In September Tesco revealed that it had overstated its profits by £250 million and had instructed Deloitte and Freshfields to conduct an investigation into how its earlier financial statements had been so inaccurate. Last month the position worsened for the company in two respects; first it announced that the overstatement was actually £263 million and second, the SFO announced that it had commenced an investigation into this accounting problem.
News of the SFO probe suggests that the FCA quickly decided that the problem was too serious to be dealt with as a regulatory failure by the company and also, that it had seen material which suggests that its employees may have acted dishonestly. Any hope that Tesco entertained that it its publicly-announced internal investigation would keep the SFO at bay and that its problem would soon come to be regarded as an embarrassing irregularity committed by a few members of its accounts department has thus been dashed. It must now instead anticipate a lengthy criminal investigation with potentially dozens of its employees being interviewed, many as suspects.
The SFO’s intervention means that the status of this antecedent internal investigation is likely to have been the subject of intense attention by Tesco’s new management. The advent of this criminal phase means that its continuance was something requiring an urgent board level decision. The extent to which the SFO has sought to exercise control and influence over the Tesco internal investigation is unclear. The SFO is always keen to secure for its team first access to the documents and, most importantly, to potential witnesses but in contrast to the duty of those in the regulated financial sector to co-operate with the FCA, there is no legal duty on a company to co-operate with the SFO. This fork-in the-road moment for Tesco is propitious in that in recent months the SFO’s Director, David Green, has banged his drum about companies under SFO investigation who seek leniency but only purport to co-operate with it. He has contended that corporate eligibility for something like a DPA requires genuine assistance and concession; for example that no claims to legal privilege will be made in respect of the company’s lawyers’ notes of their witness interviews.
Faced with what must seem to Mr Green an ideal fraud to investigate, potentially involving dishonesty by senior individuals within a major UK company, it is likely that if the internal investigation still continues then it does so only because Tesco has agreed to disclose the fruits of it to the SFO and to waive, at least partially, its legal privilege. If however it has halted then this indicates that the company has decided to adopt a more robust stance and that for now it has not agreed to abandon all its defences and fully co-operate with the SFO. If it has adopted the latter stance then it would be imitating that adopted (successfully) by British Aerospace during its prolonged SFO investigation for complicity in bribery.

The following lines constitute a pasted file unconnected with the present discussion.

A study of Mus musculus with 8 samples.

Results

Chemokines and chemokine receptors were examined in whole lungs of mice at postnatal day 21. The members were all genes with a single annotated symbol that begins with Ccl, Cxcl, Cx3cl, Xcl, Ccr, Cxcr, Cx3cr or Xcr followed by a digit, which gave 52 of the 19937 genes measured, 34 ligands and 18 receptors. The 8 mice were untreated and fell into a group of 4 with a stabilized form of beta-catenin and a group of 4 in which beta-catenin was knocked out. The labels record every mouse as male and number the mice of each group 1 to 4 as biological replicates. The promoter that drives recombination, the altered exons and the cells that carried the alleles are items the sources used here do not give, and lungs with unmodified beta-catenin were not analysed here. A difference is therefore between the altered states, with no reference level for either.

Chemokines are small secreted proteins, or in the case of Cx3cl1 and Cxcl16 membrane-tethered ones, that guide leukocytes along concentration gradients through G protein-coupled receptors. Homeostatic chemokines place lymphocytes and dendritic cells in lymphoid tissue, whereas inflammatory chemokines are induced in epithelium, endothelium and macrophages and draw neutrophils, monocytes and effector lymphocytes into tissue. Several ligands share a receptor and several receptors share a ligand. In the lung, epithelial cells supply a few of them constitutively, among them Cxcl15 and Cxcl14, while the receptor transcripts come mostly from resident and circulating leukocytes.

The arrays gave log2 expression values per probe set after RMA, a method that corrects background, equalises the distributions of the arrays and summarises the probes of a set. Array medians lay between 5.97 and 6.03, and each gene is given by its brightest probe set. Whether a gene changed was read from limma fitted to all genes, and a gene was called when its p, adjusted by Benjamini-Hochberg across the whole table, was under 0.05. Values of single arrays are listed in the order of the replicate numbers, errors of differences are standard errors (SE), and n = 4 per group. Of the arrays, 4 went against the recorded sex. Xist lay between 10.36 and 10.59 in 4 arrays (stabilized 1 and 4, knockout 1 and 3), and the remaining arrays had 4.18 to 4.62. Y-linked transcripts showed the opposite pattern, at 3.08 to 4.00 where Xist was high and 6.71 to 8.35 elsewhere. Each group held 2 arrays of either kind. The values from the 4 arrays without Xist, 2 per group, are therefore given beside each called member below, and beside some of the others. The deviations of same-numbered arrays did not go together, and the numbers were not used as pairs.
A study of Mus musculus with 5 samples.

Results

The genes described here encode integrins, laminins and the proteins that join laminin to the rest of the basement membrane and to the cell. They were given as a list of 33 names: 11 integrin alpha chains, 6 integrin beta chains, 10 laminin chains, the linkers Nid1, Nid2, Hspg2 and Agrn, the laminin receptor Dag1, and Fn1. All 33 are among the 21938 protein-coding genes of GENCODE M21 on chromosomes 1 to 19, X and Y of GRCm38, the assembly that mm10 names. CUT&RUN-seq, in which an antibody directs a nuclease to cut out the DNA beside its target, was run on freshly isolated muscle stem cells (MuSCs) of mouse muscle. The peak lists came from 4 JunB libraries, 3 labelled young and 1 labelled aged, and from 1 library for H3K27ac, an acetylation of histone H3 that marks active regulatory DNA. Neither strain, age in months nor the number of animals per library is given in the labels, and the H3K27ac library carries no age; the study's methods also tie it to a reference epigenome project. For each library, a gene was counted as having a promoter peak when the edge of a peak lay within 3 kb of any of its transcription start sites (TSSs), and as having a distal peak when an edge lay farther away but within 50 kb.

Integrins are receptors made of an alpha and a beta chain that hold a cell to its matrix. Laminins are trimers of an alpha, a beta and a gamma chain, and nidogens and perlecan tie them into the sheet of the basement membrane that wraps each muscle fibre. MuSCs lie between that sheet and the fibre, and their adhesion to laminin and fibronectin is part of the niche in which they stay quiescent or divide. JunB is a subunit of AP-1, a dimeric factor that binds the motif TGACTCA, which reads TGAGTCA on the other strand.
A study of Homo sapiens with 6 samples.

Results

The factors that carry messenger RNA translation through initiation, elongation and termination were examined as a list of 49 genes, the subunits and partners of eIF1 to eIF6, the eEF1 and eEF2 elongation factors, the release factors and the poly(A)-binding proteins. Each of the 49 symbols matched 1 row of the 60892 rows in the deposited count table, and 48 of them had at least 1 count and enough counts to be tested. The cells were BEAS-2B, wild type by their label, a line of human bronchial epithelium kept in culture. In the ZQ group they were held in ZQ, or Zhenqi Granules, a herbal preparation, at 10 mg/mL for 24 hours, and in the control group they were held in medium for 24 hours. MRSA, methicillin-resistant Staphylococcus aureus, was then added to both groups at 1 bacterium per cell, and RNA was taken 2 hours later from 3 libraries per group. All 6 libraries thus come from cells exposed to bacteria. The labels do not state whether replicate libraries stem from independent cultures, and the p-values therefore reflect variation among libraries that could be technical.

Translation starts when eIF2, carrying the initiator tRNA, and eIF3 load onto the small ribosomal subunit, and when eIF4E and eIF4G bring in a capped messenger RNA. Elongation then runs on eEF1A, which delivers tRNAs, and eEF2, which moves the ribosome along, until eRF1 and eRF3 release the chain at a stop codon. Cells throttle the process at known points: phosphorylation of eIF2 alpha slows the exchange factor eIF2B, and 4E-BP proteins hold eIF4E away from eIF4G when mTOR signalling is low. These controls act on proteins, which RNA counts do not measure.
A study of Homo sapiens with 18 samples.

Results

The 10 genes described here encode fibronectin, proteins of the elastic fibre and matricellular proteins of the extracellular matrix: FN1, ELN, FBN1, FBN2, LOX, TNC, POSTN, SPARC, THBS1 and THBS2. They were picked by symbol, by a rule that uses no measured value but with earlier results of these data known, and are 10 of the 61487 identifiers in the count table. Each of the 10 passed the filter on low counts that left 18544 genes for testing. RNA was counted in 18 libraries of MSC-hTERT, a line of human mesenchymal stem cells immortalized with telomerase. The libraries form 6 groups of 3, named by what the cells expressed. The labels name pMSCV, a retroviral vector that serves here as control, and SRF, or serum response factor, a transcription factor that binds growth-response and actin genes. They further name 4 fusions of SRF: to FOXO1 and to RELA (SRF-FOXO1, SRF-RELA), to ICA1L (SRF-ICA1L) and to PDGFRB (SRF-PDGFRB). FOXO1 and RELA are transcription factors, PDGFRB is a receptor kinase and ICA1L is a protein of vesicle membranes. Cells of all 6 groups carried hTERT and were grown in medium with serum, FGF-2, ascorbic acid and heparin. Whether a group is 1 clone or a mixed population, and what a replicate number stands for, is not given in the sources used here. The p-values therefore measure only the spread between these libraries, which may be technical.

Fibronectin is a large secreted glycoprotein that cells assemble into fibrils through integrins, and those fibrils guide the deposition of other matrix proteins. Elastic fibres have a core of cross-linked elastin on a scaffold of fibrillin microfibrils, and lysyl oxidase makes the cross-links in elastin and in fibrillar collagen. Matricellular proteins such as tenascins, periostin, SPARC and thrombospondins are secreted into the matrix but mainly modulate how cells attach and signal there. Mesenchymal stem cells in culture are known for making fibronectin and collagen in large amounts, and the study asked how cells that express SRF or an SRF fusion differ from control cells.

If the SFO investigation did result in criminal charges against either the company or any of its employees based upon alleged false accounting practices the difficulties for the SFO should not be under-estimated. It last ventured into this territory in 1998 at a time when it was anxious to burnish its reputation for being able to prosecute a big “City” fraud. This was the Wickes prosecution where four of that company’s erstwhile directors were accused of deceiving the auditors in relation to their alleged misrepresentation of supplier agreements. The issue in that case is reminiscent of, if not the same as, the one which appears in this one; how to account for up-front financial contributions made by suppliers in return for future guaranteed orders. Within Wickes its accounting practice concerning how these contributions should be recorded was euphemistically called “mortgaging the future”.
The problems which bedevilled the SFO Wickes prosecutions could easily reappear in any Tesco-related one. To get home on either a false accounting or a fraud by misrepresentation charge would almost inevitably involve heavy reliance on expert and esoteric accountancy evidence. In Wickes the trial became a clash of competing professional opinions about what international accounting standards x and y required. However inelegantly or worse Wickes sales and accounting employees’ had described in emails what they thought they were doing in booking supplier contributions as current revenue and not making a concomitant provision for future liabilities, the stumbling-block for the SFO was the innate uncertainty governing how and when this type of income should be accounted for. After an epic eleventh month trial in 2001, the jury acquitted all defendants after merely an hour’s deliberation.